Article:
Granger Remarks at Labor, Health and Human Services, and Education FY22 Full Committee Markup

Jul 15, 2021

Thank you, Madam Chair, for yielding.

First, I want to thank the chair and ranking member for their work on the Labor, Health and Human Services, and Education bill.

I have great respect for Chair DeLauro’s dedication to these issues. I also appreciate Ranking Member Cole’s ability to find common ground when it is necessary, but also to clearly highlight when the parties disagree.

I need to begin my remarks today by noting concerns that Tom and I share about this year’s Labor-HHS bill.

This bill includes an unprecedented increase that is nearly 40 percent more than last year. This is simply too high, especially when many programs in this bill have already received billions of dollars over the past year from COVID spending bills. 

That said, the incredibly high price tag is not the only problem with this bill.

For the first time in nearly fifty years, this bill abandons longstanding, bipartisan language that prevents federal tax dollars from being used to pay for abortions. 

The bill also removes language carried for the last sixteen years that protects American doctors and nurses from being forced to participate in abortions.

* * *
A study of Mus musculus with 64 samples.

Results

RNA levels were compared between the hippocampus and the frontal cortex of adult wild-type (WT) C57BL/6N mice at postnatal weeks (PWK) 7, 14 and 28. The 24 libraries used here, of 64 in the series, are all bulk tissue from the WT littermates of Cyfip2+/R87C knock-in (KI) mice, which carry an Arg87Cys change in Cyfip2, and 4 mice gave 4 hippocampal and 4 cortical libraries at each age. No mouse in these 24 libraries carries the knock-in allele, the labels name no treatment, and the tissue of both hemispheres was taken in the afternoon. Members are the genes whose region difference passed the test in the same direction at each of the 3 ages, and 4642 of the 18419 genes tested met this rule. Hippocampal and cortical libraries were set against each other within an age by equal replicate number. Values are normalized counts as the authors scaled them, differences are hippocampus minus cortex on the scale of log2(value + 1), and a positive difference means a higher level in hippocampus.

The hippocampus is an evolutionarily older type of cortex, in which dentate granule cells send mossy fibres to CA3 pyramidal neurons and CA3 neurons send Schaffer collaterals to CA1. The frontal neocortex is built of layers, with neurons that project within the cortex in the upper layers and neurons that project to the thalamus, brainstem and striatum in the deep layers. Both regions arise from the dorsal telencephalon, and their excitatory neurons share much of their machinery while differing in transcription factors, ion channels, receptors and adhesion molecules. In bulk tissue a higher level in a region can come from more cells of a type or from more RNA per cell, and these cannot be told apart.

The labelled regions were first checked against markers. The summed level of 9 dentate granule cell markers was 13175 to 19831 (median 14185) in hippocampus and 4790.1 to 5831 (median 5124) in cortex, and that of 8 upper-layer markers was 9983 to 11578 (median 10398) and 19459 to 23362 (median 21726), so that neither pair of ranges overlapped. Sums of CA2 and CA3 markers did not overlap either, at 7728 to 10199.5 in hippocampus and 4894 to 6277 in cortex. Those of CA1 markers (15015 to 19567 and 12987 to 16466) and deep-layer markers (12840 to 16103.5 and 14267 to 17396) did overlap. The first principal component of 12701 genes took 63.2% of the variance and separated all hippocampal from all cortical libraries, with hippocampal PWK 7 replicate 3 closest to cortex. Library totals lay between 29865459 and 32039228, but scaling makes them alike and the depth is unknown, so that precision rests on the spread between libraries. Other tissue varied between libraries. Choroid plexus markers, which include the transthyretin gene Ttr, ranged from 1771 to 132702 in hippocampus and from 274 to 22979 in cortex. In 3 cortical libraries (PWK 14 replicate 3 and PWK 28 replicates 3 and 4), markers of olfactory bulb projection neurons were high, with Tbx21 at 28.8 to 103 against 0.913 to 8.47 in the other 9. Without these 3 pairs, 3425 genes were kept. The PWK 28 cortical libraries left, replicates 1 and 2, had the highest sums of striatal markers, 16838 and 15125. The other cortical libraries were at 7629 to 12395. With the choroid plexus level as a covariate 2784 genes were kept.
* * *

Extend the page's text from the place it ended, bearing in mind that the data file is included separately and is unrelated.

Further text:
This is the first time such an extreme position has been taken in this bill, and this shift in policy could actually destroy decades of bipartisan work.

There are many other controversial items included in the bill that must also be addressed, including:

  • Language relating to labor law,
  • Excessive spending on new, unauthorized programs, and
  • Provisions relating to immigration enforcement.

Madam Chair, Republicans stand ready to discuss topline spending levels and funding for individual programs that will help improve the health and lives of the American people. 

But, restoring language that protects the lives of unborn children and protects medical professionals from being forced to participate in abortions must be the first step.

I urge my colleagues to consider the amendment today to restore this bipartisan language, and I hope that it will be agreed to before the bill proceeds to the House floor.

In closing, I would like to thank all of the subcommittee members and the staff for their hard work on this bill, specifically our minority clerk, Susan Ross, and our majority clerk, Stephen Steigleder.

Thank you, Madam Chair. I yield back.